White Mountain Tribe Goes After Fire Starter


The fact that Valinda Jo Elliott may yet be held accountable is good news for Tim Grier and others whose lives were forever impacted when the Rodeo-Chediski Fire roared through their world a year ago.

Elliott, who ignited the Chediski portion of that blaze when she lit a signal fire after becoming lost on the Fort Apache Reservation, was recently served with papers in a civil action suit filed by the White Mountain Apache Tribe. The action charges the 32-year-old with leaving an unattended fire and other infractions.


Tim Grier (left) and Payson Mayor Ken Murphy survey the devastation on a tour of the Rodeo-Chediski Fire last summer. Grier, a local attorney, says his Forest Lakes business is still suffering from the fire's near-miss.

Before it was contained, the Rodeo-Chediski Fire ravaged nearly 470,000 acres and destroyed 467 homes -- including 200 in Heber-Overgaard -- and narrowly missed Show Low, Forest Lakes and other communities. The cost of battling the blaze was at least $43 million, with another $28 million in damages.

"I hope they get her," Grier said. "I just don't buy into her story."

As a local attorney who also owns a business in Forest Lakes, where he lived for many years, Grier is able to look at this latest development from a variety of perspectives. He is also a former firefighter who served as a volunteer public information officer during the fire, providing daily briefings and moral support to some 800 evacuees huddled in the Rim Country Middle School gym.

"There's still a lot of anger in the small communities," Grier said. "In the Heber-Overgaard area they still have T-shirts for sale that calls it the ‘Dumb Bitch Fire.'

"They want somebody to answer for it," he added. "As a victim and somebody who saw his life changed, I want somebody to answer too. I think if we knew the whole story, she is one that should be answering for it."

The story Grier doesn't buy into is sketchy at best.

"Their story is that they were taking the back road to Young, and they got directions from somebody that they were supposed to go in this direction and they got lost," he said.

Considering what Grier refers to as her "sordid past" and rumors alleging Elliott and her boyfriend may have been illegally hunting for Native American pots leaves a lot of room for conjecture. What is known is that the couple became separated, and that Elliott tried to make a number of calls for help on her cell phone before the batteries went dead.

With his legal background, Grier can understand how Elliott escaped prosecution.

"The attorney general's office got a lot of criticism for not filing charges," he said, "but they had a pretty good chronology of her attempts to get help and they had it down to the minute with her phone calls to the different agencies. It pretty much legitimized what she had done. It seemed to make sense that she was making every attempt to save her neck down there."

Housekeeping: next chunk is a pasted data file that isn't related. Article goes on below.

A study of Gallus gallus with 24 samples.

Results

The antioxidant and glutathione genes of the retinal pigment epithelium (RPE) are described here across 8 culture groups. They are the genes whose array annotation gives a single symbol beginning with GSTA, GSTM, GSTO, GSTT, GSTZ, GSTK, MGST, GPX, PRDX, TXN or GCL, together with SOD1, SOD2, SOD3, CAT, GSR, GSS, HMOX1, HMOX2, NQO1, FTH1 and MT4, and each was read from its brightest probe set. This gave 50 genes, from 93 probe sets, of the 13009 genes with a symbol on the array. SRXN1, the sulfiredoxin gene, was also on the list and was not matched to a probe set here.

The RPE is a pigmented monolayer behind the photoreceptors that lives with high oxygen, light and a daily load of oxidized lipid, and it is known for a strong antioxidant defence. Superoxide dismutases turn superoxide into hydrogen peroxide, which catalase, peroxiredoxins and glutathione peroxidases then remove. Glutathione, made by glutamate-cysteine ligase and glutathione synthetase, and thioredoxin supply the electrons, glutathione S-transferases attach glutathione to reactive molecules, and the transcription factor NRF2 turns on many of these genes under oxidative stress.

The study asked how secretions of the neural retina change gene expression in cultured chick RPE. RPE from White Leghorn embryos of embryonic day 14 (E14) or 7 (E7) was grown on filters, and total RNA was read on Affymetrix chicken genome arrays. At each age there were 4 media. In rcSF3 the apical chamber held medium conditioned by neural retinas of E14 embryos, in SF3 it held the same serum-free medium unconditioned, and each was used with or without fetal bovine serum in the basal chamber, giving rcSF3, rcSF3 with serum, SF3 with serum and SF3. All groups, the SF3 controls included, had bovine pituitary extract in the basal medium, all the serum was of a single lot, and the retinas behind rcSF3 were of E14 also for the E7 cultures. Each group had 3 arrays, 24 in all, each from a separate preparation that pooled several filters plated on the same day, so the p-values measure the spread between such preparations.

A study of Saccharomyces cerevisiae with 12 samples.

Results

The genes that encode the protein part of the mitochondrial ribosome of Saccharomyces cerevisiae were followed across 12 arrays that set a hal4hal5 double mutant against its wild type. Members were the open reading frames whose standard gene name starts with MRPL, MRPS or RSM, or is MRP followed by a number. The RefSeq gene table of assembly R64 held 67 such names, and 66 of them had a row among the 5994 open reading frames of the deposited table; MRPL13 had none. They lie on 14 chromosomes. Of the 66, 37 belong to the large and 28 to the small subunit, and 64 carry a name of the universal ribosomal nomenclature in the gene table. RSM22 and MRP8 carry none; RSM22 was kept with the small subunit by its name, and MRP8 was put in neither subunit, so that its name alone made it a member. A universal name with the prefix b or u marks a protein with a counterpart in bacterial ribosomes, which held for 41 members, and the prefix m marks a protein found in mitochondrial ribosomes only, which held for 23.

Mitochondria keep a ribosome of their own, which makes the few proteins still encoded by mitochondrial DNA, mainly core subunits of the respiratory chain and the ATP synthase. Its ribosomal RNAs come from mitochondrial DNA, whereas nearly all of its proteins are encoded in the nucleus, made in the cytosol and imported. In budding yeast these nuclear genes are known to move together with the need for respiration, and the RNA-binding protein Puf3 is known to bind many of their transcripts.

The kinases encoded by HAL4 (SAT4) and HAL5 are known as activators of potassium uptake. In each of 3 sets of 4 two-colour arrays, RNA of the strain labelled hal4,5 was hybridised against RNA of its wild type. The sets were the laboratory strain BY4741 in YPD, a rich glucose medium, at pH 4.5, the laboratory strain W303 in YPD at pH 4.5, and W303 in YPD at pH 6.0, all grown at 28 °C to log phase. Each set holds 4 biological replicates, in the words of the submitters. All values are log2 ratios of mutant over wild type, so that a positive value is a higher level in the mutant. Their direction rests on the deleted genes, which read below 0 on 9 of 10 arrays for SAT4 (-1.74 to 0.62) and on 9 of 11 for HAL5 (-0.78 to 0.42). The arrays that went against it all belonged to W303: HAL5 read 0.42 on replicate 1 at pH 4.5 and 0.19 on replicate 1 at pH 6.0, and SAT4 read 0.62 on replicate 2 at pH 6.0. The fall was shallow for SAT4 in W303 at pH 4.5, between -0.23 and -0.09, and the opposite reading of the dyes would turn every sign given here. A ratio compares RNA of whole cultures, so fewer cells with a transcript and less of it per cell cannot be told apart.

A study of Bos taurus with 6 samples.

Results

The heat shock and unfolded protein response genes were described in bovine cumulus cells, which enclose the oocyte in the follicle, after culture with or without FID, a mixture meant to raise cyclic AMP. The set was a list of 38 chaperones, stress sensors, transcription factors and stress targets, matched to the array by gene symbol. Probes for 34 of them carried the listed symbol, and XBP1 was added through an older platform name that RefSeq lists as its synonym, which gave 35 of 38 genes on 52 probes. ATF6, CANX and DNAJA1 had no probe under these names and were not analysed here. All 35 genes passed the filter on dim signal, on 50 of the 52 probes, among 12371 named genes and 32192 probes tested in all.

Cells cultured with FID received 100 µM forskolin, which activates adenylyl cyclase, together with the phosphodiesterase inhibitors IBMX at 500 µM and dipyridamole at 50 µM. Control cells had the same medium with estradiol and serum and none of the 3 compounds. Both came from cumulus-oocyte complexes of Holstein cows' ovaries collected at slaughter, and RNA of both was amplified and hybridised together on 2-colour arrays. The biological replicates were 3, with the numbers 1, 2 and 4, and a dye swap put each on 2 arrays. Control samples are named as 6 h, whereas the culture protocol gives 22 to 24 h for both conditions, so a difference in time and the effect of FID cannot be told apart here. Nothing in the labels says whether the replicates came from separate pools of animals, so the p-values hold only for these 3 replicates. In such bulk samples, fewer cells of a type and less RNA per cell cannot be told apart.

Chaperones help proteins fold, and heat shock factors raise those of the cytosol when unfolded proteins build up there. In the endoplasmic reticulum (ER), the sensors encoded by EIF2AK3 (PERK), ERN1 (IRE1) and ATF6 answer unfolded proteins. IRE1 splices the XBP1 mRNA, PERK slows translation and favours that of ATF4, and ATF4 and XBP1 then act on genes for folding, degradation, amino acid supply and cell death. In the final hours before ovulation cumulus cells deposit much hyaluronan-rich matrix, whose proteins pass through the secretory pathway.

A civil suit, however, opens up new possibilities.

"What they're probably trying to do is set up the civil part of it with leaving a campfire unattended, Grier said. "That's what they're going to have to do, is find her negligent or that she acted recklessly in starting the signal fire.

"Where they would get her is if they were able to prevail on the damages caused by the fire," he added. "Now you're talking millions and millions of dollars."

The question with a civil suit is whether Elliott can afford to pay a judgment against her.

"Of course she's probably going to be judgment-proof," Grier said. "If they have a multi-million dollar lawsuit against her, it doesn't do them much good if she doesn't have any money."

But even if she can't pay, Grier believes there are intangible reasons to pursue her.

"Since she probably has no money, it's probably more symbolic than anything else," he said. "But there are a lot of people that would take the symbolics right now. A lot of people are very angry at what happened and what she did.

"She changed lives. A lot of people lost everything, and most people want somebody to answer for that," Grier said.

Part of the rancor toward Elliott is due to her lack of contrition. She insists anybody would have done what she did.

"Her argument is going to be that she didn't act recklessly, that she was somebody that was out there and was trying to save her own life and any reasonable person would do so," Grier said.

He added that it's hard for him to see how Elliott can explain away her behavior in light of what he and his neighbors lost.

"Personally, it's cost me thousands and thousands of dollars," he said. "I had a cabin business on the Rim that relies on tourism, and when you're evacuated in the main part of the summer, you stand to lose thousands of dollars.

"The economies (of the communities in the fire area) are still trying to recover," he added. "It just isn't the same with the momentum we lost last year."

When the final chapter is written on the Rodeo-Chediski fire, Grier believes historical perspective will take other factors into consideration.

"At the end of the day maybe what we have to consider is that we've been in a drought for 10 years," he said.

In the meantime, it's hard for some to look past what seems so obvious to the residents of the affected communities -- that extremely poor judgment by Elliott caused a lot of pain and suffering.

"It would have been different if the fire had been caused by nature," Grier said. "Maybe the T-shirt was right."